Today, love looks different. Yesterday, love looked like you would expect love to look. It looked like shared laughter and similar experiences. It looked like mutually beneficial relationships. It looked fun and romantic. It looked easy. Today, it looks like struggle and sacrifice.
I got the text “he died.” That was all it said, and I hit the ground. Shaking and trying desperately to wrap my mind around the fact that he was gone. My friend was gone. I sobbed and I prayed. Today, I was breaking but love demonstrated itself in ways that have never been more difficult. I took a call from my best friend who was in the midst of his own loss, and I told him jokes and never mentioned my pain. Truly, “even in laughter the heart may ache” (Proverbs 14:13, ESV). I prayed silently that he wouldn’t hear my heart breaking. Love looks today like putting my own pain aside to help others.
I squared my shoulders back and wiped my eyes with the hem of my shirt and proceeded to work with clients, giving them my best – even though what I wanted to do was go home and throw up over and over again. I would get busy in increments of seconds and then, like being thrown into a frigid cold lake, I would remember again. I would remember that he is gone. How can he be gone?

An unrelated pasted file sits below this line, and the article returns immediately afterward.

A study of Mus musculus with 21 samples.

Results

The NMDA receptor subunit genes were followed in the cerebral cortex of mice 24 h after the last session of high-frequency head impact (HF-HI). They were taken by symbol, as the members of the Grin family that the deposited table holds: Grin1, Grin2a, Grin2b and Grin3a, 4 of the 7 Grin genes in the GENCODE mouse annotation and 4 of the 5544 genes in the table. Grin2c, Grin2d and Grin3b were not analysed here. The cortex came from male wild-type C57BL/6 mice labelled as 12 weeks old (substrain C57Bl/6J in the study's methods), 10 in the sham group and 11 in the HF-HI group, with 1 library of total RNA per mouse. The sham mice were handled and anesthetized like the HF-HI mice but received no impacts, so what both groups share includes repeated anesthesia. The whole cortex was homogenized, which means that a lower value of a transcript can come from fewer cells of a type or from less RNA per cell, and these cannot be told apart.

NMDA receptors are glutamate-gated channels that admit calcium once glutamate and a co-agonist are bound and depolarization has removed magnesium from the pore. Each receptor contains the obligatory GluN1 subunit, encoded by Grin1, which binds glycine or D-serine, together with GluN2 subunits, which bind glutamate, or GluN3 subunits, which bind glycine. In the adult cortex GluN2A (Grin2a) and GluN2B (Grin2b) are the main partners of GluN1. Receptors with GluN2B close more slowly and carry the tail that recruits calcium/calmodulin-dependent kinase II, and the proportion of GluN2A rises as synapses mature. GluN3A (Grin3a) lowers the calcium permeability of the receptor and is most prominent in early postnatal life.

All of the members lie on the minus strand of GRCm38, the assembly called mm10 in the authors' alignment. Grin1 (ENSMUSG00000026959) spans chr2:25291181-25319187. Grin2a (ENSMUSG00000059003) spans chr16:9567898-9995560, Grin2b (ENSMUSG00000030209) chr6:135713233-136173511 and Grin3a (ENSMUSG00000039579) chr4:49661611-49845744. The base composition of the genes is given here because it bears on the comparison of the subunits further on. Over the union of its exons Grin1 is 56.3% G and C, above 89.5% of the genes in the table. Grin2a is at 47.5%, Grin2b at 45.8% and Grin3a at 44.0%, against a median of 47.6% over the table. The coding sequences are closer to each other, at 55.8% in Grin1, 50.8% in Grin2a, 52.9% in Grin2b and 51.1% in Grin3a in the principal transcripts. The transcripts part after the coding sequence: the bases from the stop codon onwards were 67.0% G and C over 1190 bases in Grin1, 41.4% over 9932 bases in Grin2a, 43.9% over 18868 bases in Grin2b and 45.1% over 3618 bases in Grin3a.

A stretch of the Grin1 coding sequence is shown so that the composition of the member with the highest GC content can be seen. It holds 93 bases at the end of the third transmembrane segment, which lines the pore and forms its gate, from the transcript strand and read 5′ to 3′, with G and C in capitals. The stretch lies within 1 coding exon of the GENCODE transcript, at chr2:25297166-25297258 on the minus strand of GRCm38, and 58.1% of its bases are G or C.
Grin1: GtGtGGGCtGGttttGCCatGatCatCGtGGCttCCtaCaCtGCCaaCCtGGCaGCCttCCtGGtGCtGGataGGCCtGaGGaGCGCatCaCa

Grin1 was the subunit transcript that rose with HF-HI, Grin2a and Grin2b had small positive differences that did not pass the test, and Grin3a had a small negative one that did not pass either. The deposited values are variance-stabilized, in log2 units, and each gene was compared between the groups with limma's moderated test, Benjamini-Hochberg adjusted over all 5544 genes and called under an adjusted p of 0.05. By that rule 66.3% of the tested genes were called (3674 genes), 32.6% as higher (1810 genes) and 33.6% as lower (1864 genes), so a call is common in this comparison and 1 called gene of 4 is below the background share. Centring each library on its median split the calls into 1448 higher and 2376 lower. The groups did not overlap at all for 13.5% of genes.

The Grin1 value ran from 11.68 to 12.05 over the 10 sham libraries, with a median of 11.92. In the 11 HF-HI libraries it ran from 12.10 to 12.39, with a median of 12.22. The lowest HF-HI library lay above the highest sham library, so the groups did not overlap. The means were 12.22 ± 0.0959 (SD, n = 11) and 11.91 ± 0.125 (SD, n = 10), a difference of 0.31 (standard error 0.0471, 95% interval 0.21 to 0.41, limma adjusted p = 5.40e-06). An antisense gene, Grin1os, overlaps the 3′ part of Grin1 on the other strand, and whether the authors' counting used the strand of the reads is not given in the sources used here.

I had just seen him laughing on my back porch. Wasn’t he just making me laugh? It didn’t seem real. It doesn’t seem real. I am heartbroken. Today, love looks like grieving with his family. It looks like praying for his fiancé and holding his best friend’s hand as his life is condensed respectfully into an hour of heart wrenching and healing remembrance. It looks like keeping it together for them.
I’m not advocating for hiding your feelings, but I am expressing that today love looks like laying aside my own feelings to serve others. I am grateful and humbled that when it is appropriate to share my feelings that I have been blessed with friends and family who will lay aside their own struggles to support me in the midst of mine. Today, love doesn’t look like that. Today, love has never been more sincere or more difficult.
We live moment to moment and maybe in loving our neighbors, that is to encourage and empower them, is simply best exemplified by being present – being present to “rejoice with those who rejoice and weep with those who weep” (Romans 12:15). The love poured out from one life to another illustrates the essence of the gospel. We love because “He first loved us” (1 John 4:19) and perhaps there is nothing sweeter nor more sacrificial than the way love looks today.